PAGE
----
Tuesday, December 16, 2008

Massive fail

A bit of "why don't I get a $6.8 million advance?" whining, a dash of "the public is filled with idiots who don't read," and a smidgen of "things are going to hell" fatalism. Happy holidays.
But just as newspapers are dooming themselves by cutting the very thing they alone can provide--in-depth, on the spot reporting--so publishing houses are dooming themselves by trying to run in somebody's else's rat race and cutting the very thing we turn to them for: writing itself.

It's like American Airlines cutting the olives in Business Class salads. All that happens is 1) American becomes a tacky, risible airline and 2) people fly on Emirates.

Americans love bloviating about the "death" of this and the "emergence" of that. But a culture of multiplicity simply offers the inquiring mind different things for different moments. Books don't actually compete with the Internet or movies, and never did.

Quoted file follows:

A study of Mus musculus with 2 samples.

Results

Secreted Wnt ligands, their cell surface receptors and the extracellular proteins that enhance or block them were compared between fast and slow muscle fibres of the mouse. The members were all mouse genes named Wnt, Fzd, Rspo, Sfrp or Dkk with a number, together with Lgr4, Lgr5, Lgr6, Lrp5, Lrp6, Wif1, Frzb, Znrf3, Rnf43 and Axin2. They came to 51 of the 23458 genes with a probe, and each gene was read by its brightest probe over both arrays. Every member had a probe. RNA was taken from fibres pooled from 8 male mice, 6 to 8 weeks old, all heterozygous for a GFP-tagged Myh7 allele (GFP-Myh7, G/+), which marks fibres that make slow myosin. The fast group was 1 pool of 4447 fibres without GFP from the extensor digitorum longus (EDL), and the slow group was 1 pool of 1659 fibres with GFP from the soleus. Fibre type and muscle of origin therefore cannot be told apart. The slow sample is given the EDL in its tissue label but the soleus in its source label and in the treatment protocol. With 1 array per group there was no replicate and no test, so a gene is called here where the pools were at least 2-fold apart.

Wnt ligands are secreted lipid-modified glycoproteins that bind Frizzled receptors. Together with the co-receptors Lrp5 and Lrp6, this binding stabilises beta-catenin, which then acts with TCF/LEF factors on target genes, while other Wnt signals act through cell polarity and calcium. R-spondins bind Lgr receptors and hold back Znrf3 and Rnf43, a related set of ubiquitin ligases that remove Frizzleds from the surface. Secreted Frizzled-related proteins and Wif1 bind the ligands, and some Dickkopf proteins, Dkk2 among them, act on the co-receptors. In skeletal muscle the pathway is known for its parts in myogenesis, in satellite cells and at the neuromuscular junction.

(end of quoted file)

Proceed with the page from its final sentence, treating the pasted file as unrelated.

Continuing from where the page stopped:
Oh, and a fact: most people I know around my age or younger don't know who Houllebecq and Bolano and Sebald and Coetzee are, so Osborne's nepotistic "the youth will save us" capper is not to be trusted either.

Writers have to be the underdogs. We need to be. Complacency is the death of relevance, especially in literature. Being way down on the list of Americans' favorite pastime -- judging by any given poll lately, we're hoving somewhere between macrame and toenail-clipping -- gives us something to fight that much harder for.

Oh, and by the way, looking at someone reading Stephanie Meyer and saying, "Well, at least they're reading" is like looking at overweight slobs pounding down Twinkies and saying, "Well, at least they're eating." That is all.